Astronomy Dark Energy Survey Camera (DECam)

Published on September 20th, 2012 | by Carl Mundy


The surprising discovery in 1998 that the expansion of the universe was accelerating indicated even less was known about it than previously thought. All the matter in the universe – the galaxies and dark matter – exert an attractive gravitational force on everything else; the universe’s expansion should have been slowing down rather than speeding up. This observation not only led to the 2011 Nobel Prize in Physics but introduced the concept of ‘dark energy’, a form of energy present everywhere in space that causes the expansion to speed up. Dark energy is believed to account for nearly three quarters of the ‘stuff’ in the universe and is sometimes called vacuum energy or quintessence, although the latter is slightly different in that the strength of the dark energy can change in time and space.

An international collaboration are hoping to “probe the origin of the accelerating universe and help uncover the nature of dark energy” through four independent measurements. The Dark Energy Survey (DES) will look at exploding stars called Type Ia supernovae in the distant universe, characteristic temperature peaks and troughs in the cosmic microwave background (CMB), the distribution of clusters of galaxies throughout the universe’s history and the small distortions in the shapes of background galaxies caused by the gravitational field of foreground galaxy clusters (weak gravitational lensing).

Dark Energy Camera (DECam) captured first light on September 12, 2012.

Zoomed-in image from the Dark Energy Camera of the center of the globular star cluster 47 Tucanae, which lies about 17,000 light years from Earth. (Credit: Fermilab; Dark Energy Survey Collaboration)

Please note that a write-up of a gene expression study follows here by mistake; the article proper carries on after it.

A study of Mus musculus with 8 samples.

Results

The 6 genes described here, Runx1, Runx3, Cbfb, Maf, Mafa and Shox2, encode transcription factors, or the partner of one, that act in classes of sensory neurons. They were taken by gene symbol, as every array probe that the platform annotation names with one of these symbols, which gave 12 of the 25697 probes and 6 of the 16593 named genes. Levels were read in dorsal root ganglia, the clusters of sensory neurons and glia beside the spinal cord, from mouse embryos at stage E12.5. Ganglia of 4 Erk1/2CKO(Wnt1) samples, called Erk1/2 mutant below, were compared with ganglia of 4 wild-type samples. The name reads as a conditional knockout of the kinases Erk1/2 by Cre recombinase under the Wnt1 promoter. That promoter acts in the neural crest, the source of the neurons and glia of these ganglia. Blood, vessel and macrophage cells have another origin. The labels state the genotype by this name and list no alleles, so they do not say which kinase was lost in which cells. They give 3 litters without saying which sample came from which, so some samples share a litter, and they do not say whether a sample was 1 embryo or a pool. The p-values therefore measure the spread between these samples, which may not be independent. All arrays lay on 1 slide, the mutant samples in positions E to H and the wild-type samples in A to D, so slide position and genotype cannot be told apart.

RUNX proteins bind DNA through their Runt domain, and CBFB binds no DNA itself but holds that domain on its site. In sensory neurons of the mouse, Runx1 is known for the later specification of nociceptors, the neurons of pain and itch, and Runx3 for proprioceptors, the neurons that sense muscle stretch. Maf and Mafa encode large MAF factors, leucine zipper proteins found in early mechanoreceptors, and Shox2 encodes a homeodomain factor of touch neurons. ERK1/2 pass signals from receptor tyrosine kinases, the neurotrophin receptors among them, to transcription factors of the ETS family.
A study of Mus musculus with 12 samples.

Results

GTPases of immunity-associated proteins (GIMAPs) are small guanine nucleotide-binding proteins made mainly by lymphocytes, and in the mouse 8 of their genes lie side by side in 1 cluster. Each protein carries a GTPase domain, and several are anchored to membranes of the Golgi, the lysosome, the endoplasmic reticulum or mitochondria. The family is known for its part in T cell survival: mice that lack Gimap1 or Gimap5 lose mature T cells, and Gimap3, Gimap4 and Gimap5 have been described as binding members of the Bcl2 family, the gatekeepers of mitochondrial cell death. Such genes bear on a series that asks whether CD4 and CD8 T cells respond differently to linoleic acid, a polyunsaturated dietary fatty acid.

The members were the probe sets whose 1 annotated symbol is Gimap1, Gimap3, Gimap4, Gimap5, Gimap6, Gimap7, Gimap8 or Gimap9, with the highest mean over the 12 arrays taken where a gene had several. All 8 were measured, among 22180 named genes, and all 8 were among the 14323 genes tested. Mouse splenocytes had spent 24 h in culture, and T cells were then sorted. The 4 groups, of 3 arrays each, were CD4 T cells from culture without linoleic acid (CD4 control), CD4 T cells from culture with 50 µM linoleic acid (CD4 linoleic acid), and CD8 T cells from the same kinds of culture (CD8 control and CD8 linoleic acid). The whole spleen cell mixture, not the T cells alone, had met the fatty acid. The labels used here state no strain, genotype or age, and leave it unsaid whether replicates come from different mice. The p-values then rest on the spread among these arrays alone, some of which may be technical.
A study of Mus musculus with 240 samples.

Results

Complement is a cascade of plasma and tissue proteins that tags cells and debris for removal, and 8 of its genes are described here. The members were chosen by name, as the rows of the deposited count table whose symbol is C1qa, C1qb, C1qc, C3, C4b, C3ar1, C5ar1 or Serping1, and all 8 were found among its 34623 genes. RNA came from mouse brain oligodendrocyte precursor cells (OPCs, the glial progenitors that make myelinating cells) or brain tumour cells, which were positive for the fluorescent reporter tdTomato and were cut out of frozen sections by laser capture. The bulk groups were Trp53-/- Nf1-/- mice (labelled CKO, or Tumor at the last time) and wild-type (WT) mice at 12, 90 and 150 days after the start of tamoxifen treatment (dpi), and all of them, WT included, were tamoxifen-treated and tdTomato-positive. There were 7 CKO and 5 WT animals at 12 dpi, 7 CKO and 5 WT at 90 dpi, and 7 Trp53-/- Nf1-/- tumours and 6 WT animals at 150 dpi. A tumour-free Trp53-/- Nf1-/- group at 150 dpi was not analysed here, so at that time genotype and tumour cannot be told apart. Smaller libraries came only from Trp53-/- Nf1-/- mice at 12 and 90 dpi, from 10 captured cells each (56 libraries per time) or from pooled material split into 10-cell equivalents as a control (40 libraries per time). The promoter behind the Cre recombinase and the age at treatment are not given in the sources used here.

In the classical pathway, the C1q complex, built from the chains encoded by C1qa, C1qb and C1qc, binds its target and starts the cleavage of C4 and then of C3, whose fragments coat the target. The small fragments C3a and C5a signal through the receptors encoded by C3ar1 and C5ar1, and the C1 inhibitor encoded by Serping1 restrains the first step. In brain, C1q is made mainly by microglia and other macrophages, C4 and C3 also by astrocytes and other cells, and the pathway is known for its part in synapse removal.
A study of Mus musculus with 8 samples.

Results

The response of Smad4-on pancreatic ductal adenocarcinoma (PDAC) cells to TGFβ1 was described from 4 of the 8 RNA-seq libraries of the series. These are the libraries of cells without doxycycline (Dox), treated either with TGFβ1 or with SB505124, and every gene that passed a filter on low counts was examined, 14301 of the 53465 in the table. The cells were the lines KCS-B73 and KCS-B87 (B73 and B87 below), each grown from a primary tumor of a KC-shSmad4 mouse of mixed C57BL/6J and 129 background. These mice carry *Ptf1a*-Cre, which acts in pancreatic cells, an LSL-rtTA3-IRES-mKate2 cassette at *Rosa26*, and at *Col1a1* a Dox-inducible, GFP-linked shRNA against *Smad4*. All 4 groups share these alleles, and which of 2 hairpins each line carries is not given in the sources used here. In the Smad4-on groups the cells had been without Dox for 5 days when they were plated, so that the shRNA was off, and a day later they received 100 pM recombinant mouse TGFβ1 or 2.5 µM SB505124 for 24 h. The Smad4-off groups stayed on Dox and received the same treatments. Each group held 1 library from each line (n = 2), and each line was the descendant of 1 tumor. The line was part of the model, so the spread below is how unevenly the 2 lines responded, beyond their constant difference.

Uniquely able to do all these measurements from a single facility, DES will use a massive custom camera called DECam. On September 12, 2012 the camera opened its eyes and captured its first image that marks the beginning of a testing and calibration period lasting several months. Comprised of 62 tiled CCDs, like those in your digital camera or smartphone, the camera boasts 570 megapixels – over 70 times the pixel count of the current iPhone’s camera. Over the next five years, the DES collaboration will probe the mysterious nature of dark energy whilst looking further and further into the distant universe. The results should be the tightest constraints yet on the mysterious force causing the acceleration and they should be able to determine whether or not our best understanding of gravity (i.e. general relativity) is indeed correct.

Image Credit: Fermilab
Read More: Dark Energy Survey, NOAO, BBC News


Astronomy PhD student from the UK with a passion for astronomy and science outreach projects. Involved with weekly science-based radio programme The Science Show on University Radio Nottingham (URN).